Small House equals smaller ideas
Wedge Wednesday plays up the group-think that stops our politicians from taking brave, accountable actions, writes Sue Hickey
THE worst thing about being a politician is dealing with the politics.
I lose sleep over the frustration of big, bold, brave and accountable ideas by petty party politics. Our Westminster system is an adversarial system of governance, which encourages opposition parties to attack most ideas put forward, sometimes for good reason but more often for mischief or a headline. Equally disturbing is that it limits risk-taking by the government of the day in fear of political backlash, despite evidence to support good decisions.
So ingrained is this process that the actual middle table separating the government from the opposition of the day is exactly two sabre (sword) lengths wide! On Wednesday afternoons, debating time is allocated to the three parties on a rotational basis, to expand on an area of community interest and request a vote on their motion.
The day is referred to as Wedge Wednesday and the atmosphere is electric, because the parties have worked out their strategy to cause each other maximum stress when it comes to the vote. The
Liberals try to wedge Labor into voting with the Greens, the Greens try to wedge the whole of parliament to support their ideas.
My background is in the private sector, where finding solutions and delivering great service were paramount to avoid bankruptcy. My time as an alderman and lord mayor taught me you could put 12 random people in a room and debate an outcome most could accept.
Councils traditionally deal with roads, rates, rubbish and parks to improve the living environment of their residents. Our parliament deals with policy issues that affect people’s life chances. The stakes are so much higher.
Our House of Assembly has 25 elected representatives. I understand the concept of political teams but I do not accept the “group think” that applies to many of the decisions they make. In team meetings, individual beliefs and passions are often quashed by seniority, factions or political point-scoring.
Then, everyone in the team must commit to the decision and cannot speak out or argue the point when it comes to debate, with the very rare exception of a conscience issue. The result is long and boring speeches read into Hansard, naturally supportive of the party view.
In my opinion, the House of Assembly is too small, limiting the ability for ministers to be across many important facets of their portfolios and hold departments to account. The nobbled opposition has to review the same workload but without the same resources, making it seriously difficult to be accepted as an alternative government.
Currently the government backbench consists of just three individuals who are expected to be across all of the onerous committee work. When the same people attend all the same meetings, the possibility of diverse thinking must be diluted.
Small parliaments like ours rarely produce bold visions or brave actions because the conservative views stymie some of our brighter contributors. The desire to hold onto power creates riskaversion and leads to governments not making big decisions, regardless of the persuasion.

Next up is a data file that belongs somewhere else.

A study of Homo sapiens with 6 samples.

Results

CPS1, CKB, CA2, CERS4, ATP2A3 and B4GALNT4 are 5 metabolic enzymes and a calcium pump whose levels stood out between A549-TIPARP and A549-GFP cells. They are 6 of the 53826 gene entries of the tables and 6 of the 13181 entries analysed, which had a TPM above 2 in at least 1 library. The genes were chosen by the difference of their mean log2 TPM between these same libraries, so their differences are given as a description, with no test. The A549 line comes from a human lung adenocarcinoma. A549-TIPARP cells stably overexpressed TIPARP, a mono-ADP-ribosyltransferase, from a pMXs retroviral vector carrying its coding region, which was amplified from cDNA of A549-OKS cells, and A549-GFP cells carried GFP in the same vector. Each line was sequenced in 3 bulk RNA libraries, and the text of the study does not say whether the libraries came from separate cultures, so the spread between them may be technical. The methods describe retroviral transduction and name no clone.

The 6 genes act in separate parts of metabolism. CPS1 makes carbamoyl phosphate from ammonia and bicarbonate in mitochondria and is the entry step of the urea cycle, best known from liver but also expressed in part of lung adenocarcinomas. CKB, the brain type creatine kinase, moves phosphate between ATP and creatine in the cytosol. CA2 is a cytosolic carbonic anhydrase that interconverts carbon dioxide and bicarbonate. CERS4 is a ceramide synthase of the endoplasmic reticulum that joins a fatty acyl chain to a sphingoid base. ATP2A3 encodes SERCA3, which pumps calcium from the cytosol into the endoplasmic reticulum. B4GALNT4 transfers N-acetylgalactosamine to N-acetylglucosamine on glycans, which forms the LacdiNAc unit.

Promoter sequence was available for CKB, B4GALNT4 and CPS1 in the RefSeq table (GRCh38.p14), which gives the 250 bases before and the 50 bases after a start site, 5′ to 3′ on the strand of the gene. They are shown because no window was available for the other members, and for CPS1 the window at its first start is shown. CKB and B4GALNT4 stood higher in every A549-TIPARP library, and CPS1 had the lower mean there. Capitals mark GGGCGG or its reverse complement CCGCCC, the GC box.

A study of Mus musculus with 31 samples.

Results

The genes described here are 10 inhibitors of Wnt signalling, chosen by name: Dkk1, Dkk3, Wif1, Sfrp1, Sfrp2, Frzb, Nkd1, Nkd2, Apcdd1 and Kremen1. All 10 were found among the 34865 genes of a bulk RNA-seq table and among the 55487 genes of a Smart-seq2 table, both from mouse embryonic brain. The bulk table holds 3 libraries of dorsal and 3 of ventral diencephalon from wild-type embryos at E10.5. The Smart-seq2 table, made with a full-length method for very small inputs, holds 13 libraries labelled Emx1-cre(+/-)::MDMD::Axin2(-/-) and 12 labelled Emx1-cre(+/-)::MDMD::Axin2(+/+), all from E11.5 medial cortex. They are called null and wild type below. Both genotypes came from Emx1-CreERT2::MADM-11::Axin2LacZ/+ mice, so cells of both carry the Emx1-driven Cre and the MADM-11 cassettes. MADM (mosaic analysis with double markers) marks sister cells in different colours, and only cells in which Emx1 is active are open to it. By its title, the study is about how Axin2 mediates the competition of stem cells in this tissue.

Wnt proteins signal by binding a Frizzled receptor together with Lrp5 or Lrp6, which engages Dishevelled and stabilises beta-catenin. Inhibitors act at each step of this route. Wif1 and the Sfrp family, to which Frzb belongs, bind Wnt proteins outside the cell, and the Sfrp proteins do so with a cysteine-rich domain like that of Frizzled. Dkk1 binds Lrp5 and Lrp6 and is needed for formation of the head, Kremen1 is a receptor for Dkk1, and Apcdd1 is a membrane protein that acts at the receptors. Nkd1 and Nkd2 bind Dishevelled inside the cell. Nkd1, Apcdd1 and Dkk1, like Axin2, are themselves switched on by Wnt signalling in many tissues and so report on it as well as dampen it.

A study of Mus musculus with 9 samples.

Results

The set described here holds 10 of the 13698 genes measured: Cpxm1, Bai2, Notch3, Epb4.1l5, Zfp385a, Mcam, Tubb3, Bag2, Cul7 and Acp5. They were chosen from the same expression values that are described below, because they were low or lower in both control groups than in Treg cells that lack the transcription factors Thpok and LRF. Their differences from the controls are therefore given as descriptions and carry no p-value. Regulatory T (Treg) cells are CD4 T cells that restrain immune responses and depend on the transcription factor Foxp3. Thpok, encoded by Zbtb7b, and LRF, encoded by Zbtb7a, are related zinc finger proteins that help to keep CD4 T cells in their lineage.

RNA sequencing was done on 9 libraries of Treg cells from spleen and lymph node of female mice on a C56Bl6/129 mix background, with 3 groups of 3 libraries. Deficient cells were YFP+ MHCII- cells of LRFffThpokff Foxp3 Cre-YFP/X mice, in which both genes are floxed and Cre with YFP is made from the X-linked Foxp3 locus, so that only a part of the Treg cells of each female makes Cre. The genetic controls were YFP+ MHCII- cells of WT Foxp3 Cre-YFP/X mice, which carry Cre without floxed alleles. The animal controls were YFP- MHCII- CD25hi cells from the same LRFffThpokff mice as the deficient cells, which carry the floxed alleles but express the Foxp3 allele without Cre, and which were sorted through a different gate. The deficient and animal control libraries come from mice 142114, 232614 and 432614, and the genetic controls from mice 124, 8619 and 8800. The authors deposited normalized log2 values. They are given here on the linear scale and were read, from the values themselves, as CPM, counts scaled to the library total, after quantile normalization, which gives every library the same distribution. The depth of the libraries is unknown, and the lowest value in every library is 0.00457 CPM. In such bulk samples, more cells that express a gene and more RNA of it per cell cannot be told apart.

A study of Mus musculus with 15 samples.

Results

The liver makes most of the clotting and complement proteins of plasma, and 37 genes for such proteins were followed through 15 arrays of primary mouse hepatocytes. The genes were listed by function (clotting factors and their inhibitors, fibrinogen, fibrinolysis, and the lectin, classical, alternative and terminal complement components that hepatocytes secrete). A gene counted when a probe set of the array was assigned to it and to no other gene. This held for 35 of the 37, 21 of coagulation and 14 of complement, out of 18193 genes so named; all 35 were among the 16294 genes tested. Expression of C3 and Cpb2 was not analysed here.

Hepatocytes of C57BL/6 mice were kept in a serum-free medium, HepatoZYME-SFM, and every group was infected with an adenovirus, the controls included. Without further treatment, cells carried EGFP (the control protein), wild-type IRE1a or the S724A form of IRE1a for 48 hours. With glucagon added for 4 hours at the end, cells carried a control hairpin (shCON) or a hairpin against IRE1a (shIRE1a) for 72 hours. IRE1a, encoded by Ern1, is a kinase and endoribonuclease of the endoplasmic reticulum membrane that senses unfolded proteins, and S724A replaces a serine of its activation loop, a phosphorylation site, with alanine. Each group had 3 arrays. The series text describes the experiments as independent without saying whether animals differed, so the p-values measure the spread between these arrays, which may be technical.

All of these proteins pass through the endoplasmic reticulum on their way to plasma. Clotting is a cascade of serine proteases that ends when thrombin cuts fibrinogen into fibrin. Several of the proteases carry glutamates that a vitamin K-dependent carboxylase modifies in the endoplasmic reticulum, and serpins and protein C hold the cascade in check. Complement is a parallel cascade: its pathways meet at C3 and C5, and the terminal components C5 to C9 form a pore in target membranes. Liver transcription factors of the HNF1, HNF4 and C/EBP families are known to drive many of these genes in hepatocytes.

A four-year term is too short for long term thinking and it’s almost impossible to garner support for brave ideas from the whole 25 members because they do not work together for fear of losing their party-aligned voter base.
I am embarrassed all three parties can show tri-partisan support for a Tasmanian AFL team but cannot put their best around a table to work out acceptable solutions to our homeless and health problems.
This is the advantage of a board over a parliament. Boards are committed and in fact, legally obliged, to work in the best interests of the organisation and its stakeholders.
Compare the ideas the Tasmanian Parliament has produced over past years to the brilliance and boldness of Jacinda Ardern’s New Zealand government.
Over the past two years the minority, multi-party government has a long list of achievements, including free hot lunches for every schoolchild, working alongside the Maori community, creating 92,000 jobs, building 2200 state homes, employing more doctors, nurses and police officers and boasting the lowest unemployment rate in 11 years.
The New Zealand government has addressed homelessness through the world best-practice model Housing First, invested in improved public transport, placed mental health advisers in GP clinics and increased funding for addiction treatment beds. It has extended paid parental leave, passed a Child Poverty Reduction Act and reduced the prison population for the first time in a decade.
Jacinda’s government is a national government and therefore is not comparable on a per capita basis, but its energy and acceptance that change is paramount in
everything from the environment to inclusion of its first people can be compared.
To leave a legacy, we must do more to fulfil our obligations to the people of Tasmania. We need to challenge the accepted norm and step bravely into the future with agreement across parties on long term issues, with each of us held to account for our individual contributions.
To be elected as a politician in the House of Assembly you do not need particular skills or even the popular support of the people! You just need the support of your party and to not be in jail, bankrupt or insane.
It has been said that the definition of insanity is doing the same thing over and over again and expecting different results. It’s time to do things differently.
Sue Hickey is state Liberal member for Clark and Speaker of the House of Assembly.